Business Lunch Etiquette: 8 Rules
Back in the days of Mad Men, the business lunch was essential. Offers were made, partnerships formed, and deals were closed daily over lunchtime martinis.
For the most part, that type of midday meeting is long gone. But with today's communication technology overload, the face-to-face business lunch is still an important way to build relationships--and is perhaps even more valuable today than it was 50 years ago. (It's just less likely to include three martinis and a glass of port.)
Follow these simple rules to make a business lunch both productive and enjoyable:
Get the Invitation Right
Lunch with a client, potential business partner or new colleague can often be more productive than an office meeting. Getting out of the office and off the phone creates an environment more conducive to relaxing and candid conversation.
When inviting someone to lunch, be respectful of his or her time and position. If inviting a superior you don't know well, don't risk being presumptuous--you might opt for suggesting coffee instead.
Who Chooses the Spot?
If you're inviting, offer up some suggestions and let your guests pick. If they don't care, it's on you. But make sure to be careful and anticipate their preferences. You don't want to bring a vegetarian to a steakhouse. If inviting someone to discuss next year's budget cuts, best to skip the meal at the most expensive restaurant in town. If your guest choses the place, don't forget to compliment her on the choice.
Time & Place
Get there early. Always know the set-up of the restaurant and make sure both the venue and your table are right for your objective.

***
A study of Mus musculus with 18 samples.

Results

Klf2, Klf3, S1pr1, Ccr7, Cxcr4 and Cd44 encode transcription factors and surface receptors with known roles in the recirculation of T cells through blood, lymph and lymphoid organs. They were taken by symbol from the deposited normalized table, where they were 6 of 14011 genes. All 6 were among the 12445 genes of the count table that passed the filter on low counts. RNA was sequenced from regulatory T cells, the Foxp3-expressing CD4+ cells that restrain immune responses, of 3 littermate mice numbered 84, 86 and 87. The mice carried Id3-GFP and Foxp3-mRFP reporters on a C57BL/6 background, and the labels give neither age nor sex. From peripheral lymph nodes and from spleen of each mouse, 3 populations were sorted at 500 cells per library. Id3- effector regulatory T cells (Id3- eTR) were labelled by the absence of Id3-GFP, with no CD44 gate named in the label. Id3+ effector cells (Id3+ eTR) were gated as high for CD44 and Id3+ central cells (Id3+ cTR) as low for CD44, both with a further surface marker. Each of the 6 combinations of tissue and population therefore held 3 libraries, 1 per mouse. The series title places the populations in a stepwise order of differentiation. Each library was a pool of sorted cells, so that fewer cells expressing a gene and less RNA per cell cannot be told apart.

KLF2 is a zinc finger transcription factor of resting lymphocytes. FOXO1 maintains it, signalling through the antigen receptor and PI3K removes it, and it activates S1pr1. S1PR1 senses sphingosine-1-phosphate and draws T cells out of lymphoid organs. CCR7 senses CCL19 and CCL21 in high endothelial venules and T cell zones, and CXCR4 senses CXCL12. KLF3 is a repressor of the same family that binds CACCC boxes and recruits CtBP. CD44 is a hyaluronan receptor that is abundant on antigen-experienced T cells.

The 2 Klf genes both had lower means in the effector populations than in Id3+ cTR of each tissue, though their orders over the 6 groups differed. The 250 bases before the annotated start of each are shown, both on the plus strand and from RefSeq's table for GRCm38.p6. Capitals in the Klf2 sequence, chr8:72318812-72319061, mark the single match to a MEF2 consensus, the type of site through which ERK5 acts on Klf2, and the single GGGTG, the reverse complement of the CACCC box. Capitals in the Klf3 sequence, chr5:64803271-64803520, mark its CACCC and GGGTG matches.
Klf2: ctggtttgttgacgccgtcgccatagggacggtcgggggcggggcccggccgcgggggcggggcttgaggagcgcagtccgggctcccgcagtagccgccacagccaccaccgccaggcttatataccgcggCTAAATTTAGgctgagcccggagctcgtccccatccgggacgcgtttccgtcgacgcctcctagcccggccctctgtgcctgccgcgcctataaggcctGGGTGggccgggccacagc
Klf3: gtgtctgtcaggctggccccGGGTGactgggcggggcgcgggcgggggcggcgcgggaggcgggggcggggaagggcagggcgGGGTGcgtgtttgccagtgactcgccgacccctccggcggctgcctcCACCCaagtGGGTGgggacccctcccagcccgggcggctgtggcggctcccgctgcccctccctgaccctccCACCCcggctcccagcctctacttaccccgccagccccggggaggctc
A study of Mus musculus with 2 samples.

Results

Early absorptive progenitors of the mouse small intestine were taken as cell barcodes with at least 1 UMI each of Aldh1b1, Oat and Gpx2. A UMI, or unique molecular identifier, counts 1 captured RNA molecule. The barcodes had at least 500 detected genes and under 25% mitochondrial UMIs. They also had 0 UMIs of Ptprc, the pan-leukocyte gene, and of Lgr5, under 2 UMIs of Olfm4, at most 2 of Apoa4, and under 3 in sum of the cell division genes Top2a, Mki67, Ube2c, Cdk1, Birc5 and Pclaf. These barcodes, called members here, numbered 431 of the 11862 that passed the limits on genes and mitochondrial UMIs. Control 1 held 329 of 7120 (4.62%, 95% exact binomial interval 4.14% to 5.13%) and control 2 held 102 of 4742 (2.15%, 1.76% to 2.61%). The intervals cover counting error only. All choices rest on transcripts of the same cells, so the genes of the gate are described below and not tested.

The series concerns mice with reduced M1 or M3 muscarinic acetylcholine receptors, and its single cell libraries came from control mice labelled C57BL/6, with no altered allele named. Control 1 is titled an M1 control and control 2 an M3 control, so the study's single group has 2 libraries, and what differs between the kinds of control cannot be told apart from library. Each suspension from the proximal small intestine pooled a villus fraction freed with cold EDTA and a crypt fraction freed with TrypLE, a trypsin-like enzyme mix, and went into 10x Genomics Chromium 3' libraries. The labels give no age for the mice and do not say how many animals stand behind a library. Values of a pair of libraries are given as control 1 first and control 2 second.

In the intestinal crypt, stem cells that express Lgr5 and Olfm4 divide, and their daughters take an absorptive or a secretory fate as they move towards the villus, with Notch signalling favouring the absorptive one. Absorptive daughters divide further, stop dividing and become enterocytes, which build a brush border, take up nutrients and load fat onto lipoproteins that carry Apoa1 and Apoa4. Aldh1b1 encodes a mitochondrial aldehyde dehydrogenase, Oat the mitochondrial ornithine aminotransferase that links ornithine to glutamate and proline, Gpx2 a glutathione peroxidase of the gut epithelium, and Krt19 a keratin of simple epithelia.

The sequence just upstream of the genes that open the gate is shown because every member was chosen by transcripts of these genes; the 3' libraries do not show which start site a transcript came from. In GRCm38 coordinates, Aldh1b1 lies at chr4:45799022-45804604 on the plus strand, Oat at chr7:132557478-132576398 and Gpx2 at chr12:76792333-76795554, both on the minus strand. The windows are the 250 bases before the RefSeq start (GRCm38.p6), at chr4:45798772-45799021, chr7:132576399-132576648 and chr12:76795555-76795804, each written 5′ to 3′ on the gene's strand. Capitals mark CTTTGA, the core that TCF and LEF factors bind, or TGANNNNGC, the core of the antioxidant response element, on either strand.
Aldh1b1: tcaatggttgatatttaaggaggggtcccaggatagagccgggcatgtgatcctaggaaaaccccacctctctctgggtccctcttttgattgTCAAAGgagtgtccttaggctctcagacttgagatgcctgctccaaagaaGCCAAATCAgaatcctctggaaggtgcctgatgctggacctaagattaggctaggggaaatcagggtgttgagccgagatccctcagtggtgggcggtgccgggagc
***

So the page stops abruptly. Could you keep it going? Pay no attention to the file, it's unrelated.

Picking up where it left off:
One of my colleagues swears by this rule. If it's a celebratory or casual lunch with people he knows well, he gets a table in a central area, closer to the bar, where it's typically more boisterous. If it's a serious conversation and he wants to get something accomplished, he opts for a quiet table in the corner.
When to Talk Business
On the golf course, the common rule of thumb is not to get down to business before the fourth hole. At the table, it's a bit more ambiguous.
My advice: If you're having a social conversation, don't bring up business until you have received your drinks and ordered your meals. Then, when business talk commences, frame the conversation around your guest. Ask about her business, what she's working on and where she needs help.
This will give you a clear understanding of context and provide a natural segue into explaining how you and your company might be of assistance.
Speaking of Drinks...
Sorry, Don Draper--if you're taking clients to lunch and your company is paying, you should probably skip the alcohol. But if your client wants to imbibe, let him order a drink. A good rule of thumb is to let your guests order first, so they're not inhibited by your choice.
Handling the Bill
There is an art to handling the bill. You want to be graceful about it. When the check arrives, be nimble and reach for it swiftly--but keep looking your clients in the eye if they're speaking.
By all means, don't stare at the line items with anything like shock or horror. That said, if there's an error with the bill, excuse yourself to talk to the waiter separately without making your guest feel uncomfortable.
And when it's time to pay, act naturally: Don't disrupt the conversation, but make eye contact with the waiter so that he picks up your credit card quickly.
Turn Off Your Phone
You may already know how I feel about this, but I'll say it again: Turn off your phone. Now is not the time to be checking your incoming email or texting your colleague. I've seen some people pick up their phones between courses instead of talking to others at the table. Just don't.
Finally ... Have Fun
Be yourself! There is a reason you're not in the office. You can accomplish quite a lot with business lunches, but you shouldn't lose sight of why they work so well: When people can relax and have a good time, they're more likely to open up, making it easier to strengthen a business relationship.
ELIZA BROWNING | VP of Digital, Crane & Co.
Eliza Browning is the vice president of Crane Digital, where she oversees the company's online business and digital strategy. Before joining Crane & Co., Eliza worked in digital media for news organizations including CNN, ABC News and the AP.